Steele visited Sparks in Harlem to cull from his collection of high-end labels and vintage pieces.
To cull him now would make little sense: It would, in effect, be to kill an ant with a nuclear weapon.
In 2012 she again raised eyebrows when she suggested that badgers shot in any cull should be eaten.
Douglas will cull the best tweets from around the Twitterverse, and write an introduction.
The Daily Beast speed-read the book, which is out today, to cull the biggest, juiciest revelations.
The windfall and cull apples may be divided into two grades.
We cull a flower here and there; we pluck an herb fresh from the hands of the Creator.
All that I needed to do was to cull out and bring to the fore the pertinent facts.
I have taken pains to cull the most choice of my acquaintance.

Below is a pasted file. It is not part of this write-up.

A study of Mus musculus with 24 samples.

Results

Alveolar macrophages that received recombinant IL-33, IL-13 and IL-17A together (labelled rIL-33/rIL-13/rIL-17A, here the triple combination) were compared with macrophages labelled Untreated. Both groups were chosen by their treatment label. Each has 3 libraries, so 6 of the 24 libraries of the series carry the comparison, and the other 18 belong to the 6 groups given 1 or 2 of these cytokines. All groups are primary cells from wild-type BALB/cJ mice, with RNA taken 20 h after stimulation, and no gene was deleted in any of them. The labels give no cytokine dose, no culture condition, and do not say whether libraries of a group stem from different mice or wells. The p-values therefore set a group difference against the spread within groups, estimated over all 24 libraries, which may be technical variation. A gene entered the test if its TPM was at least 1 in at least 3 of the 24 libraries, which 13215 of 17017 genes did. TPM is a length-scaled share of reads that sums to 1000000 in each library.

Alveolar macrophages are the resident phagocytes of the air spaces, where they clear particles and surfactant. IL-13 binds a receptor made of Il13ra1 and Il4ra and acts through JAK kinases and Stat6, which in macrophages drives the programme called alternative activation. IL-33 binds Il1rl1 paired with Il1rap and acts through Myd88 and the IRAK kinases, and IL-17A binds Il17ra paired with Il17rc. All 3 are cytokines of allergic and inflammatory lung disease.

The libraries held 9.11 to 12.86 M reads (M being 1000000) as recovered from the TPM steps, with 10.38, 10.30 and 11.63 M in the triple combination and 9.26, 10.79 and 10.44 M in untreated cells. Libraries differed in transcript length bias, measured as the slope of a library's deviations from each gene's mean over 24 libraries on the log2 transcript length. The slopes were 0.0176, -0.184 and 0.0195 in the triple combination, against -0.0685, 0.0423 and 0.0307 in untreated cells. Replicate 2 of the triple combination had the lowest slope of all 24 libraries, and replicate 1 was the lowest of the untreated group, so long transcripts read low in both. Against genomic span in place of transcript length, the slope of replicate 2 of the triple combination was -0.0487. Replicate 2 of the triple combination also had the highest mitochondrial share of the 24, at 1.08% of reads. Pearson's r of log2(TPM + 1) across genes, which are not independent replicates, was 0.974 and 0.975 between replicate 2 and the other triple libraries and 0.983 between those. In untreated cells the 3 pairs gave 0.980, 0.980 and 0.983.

Of 10,000 turkeys marketed at Moose Jaw there was not a single "cull."
c.1200, originally "put through a strainer," from Old French coillir (12c., Modern French cueillir) "collect, gather, pluck, select," from Latin colligere "gather together, collect," originally "choose, select" (see collect). Related: Culled; culling. As a noun, from 1610s.
"dupe, saphead," rogues' slang from late 16c., perhaps a shortening of cullion "base fellow," originally "testicle" (from French couillon, from Old French coillon "testicle; worthless fellow, dolt," from Latin coleus, literally "strainer bag;" see cojones), though another theory traces it to Romany (Gypsy) chulai "man." Also sometimes cully, though some authorities assert cully was the canting term for "dupe" and cull was generic "man, fellow," without implication of gullibility. Cf. also gullible.